BY GUEST WRITER
The Anti-Homosexuality Bill was passed for the second time in the Ugandan Parliament after a few reconsiderations. The Bill among many things is a big threat to Ugandas progress in fighting HIV as promised under the UN. In 2015, Uganda joined fellow nation states under the UN to set new targets of ending AIDS by 2030.
This promise under the Sustainable Development Goals came against a backdrop of excellent interventions in HIV prevention that managed to bring down the HIV prevalence from an average of 18% in the 1990s to 6.4% by 2004 and 5.4% in late 2022.
At the climax of the HIV/AIDS epidemic in the late 80s and 90s, the world turned to Uganda for lessons on how to manage a problem of that magnitude. Top among our success factors then was the presence of strong and able leadership against the epidemic led by his Excellency President Yoweri Museveni.
By 2020, Uganda was among the only 8 countries worldwide that managed to meet the global milestones on ensuring that 90% of all people with HIV know their status, get on treatment and suppress the HIV virus within their bodies.
According to Uganda AIDS Commission the apex body that coordinates HIV work in the country, in its strategic plan (2020 -2025), the success of Uganda’s interventions lie in an all-inclusive strategic plan that is able to ensure that all those who need HIV prevention and treatment services get them.
Among these is what Uganda AIDS Commission plan refers to as the Priority Populations or the Most At-Risk categories of people. This category includes, Fisher Folk communities, Commercial Sex Workers and Gay communities.
However, with the new proposed approach under the Anti Homosexuality Bill, Gay communities or Gay persons living with HIV will no longer be liable to access the services they need in order to test for HIV, get on treatment and suppress their viral load.
Suppressing ones viral load is a recognized approach in HIV prevention. A person living with HIV who has their viral load suppressed will not be able to pass on the virus to someone else.
According statistics from Uganda AIDS Commission, Gay men account for about 13% of people living with HIV within the Most At Risk category.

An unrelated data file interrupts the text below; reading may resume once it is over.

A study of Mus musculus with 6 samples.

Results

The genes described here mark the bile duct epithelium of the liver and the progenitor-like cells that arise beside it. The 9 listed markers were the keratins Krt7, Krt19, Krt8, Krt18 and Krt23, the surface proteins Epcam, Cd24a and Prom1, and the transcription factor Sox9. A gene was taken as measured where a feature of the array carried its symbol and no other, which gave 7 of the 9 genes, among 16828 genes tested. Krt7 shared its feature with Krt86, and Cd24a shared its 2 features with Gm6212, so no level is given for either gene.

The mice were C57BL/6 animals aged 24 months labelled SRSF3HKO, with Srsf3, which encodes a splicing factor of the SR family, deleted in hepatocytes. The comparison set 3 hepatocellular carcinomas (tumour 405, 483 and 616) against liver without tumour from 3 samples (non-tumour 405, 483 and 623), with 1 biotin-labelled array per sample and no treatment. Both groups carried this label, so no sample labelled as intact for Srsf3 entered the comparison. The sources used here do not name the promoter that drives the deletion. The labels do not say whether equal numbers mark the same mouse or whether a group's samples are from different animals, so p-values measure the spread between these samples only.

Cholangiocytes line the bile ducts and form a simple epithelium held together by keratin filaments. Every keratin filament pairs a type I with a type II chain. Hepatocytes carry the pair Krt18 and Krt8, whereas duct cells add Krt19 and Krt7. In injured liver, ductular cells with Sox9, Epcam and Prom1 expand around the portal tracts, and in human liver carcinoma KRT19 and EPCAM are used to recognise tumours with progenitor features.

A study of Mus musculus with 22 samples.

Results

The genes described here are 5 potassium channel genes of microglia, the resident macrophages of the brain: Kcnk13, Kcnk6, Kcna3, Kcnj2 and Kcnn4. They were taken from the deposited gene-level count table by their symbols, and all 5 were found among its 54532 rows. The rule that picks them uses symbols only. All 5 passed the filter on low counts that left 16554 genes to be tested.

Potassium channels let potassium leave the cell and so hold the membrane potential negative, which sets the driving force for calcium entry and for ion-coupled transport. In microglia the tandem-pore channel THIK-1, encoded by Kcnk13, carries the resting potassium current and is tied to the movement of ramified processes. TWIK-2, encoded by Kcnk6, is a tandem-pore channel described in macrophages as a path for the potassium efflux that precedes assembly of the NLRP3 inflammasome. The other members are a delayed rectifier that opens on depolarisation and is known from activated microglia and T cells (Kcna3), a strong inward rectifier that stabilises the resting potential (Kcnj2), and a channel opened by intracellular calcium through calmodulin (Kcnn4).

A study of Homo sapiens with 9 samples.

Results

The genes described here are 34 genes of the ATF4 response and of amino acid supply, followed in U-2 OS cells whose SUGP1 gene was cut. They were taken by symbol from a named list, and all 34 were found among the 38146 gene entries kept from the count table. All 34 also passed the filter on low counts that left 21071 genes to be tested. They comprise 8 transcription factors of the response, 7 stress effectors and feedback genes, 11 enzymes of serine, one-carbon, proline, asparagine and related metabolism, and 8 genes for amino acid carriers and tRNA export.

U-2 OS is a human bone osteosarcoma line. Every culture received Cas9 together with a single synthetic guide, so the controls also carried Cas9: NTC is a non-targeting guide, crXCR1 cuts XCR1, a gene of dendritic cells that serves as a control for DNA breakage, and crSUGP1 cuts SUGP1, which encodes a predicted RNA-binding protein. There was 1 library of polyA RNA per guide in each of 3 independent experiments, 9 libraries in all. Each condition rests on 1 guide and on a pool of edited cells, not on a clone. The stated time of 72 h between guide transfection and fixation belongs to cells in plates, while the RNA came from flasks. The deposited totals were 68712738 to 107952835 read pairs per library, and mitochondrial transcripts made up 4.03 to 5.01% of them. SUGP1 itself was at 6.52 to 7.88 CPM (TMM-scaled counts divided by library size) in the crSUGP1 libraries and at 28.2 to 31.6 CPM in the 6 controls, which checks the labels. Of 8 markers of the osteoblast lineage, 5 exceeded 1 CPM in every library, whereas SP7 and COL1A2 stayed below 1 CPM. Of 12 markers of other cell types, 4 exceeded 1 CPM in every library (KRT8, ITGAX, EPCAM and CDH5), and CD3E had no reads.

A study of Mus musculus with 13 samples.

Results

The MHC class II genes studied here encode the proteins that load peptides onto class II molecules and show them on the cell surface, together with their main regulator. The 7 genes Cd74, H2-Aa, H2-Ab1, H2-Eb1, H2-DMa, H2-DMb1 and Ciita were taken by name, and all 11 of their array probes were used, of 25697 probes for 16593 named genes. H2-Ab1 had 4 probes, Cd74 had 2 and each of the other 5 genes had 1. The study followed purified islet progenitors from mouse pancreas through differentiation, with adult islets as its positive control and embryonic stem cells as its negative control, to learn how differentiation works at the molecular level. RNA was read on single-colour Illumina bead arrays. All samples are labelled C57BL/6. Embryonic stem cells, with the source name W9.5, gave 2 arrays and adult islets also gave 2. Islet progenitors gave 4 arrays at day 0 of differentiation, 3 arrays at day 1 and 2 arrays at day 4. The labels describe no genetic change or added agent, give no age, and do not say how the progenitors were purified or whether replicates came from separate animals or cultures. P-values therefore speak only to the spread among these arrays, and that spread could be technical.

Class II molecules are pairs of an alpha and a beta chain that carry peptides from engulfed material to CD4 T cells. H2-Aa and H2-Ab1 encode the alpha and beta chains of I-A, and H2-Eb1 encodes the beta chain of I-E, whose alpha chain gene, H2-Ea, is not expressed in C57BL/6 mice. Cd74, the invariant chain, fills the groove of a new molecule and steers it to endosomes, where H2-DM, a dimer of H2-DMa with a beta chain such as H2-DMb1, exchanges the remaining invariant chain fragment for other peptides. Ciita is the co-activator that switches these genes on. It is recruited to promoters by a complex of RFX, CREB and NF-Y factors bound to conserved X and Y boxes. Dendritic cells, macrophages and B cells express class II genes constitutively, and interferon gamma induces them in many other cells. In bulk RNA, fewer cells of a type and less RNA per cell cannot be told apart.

Whereas it is not easy to easily establish the number of Gay persons in the country, the Review report gives a good insight into the numbers by looking at those who were reached with some HIV treatment services.
For example, looking at the number of gay men that accessed Prep or Pre-Exposure Prophylaxis; this is medicine that reduces ones chances of getting HIV in case of any encounter such as rape, unsafe needle pricks, sex with someone you are not sure about their status etc.
According to the report, up to eleven thousand, seven hundred fifty (11,750) new cases of Gay men who needed prep were recorded. Out of these, eight thousand, five hundred fifty-four (8,554) were actually initiated on the treatment because they stood a very high chance of not getting HIV.
Locking all these numbers out of treatment not only violates their rights as citizens, but also puts many other ordinary citizens at risk of getting HIV.
Many behavioral scientists such as Dr Tyaba Andrew the National Academy of Science say that that the problem with Uganda’s sexual behavioral ways is that you find a straight man, married with a wife and kids but who is also gay over the weekends.
Therefore, a successful HIV prevention campaign can not be discriminative in nature otherwise all efforts being put else where will be useless. HIV cases will continue to rise everyday.
According to Uganda AIDS Commission, currently Uganda has about one million, four hundred thousand people living with HIV. The biggest challenge facing the HIV response at the moment at the number of new infections happening every day. Last year, the country recorded about fifty-four thousand new HIV infections and most of these happened amongst young people and young adults ages 14 years to 49.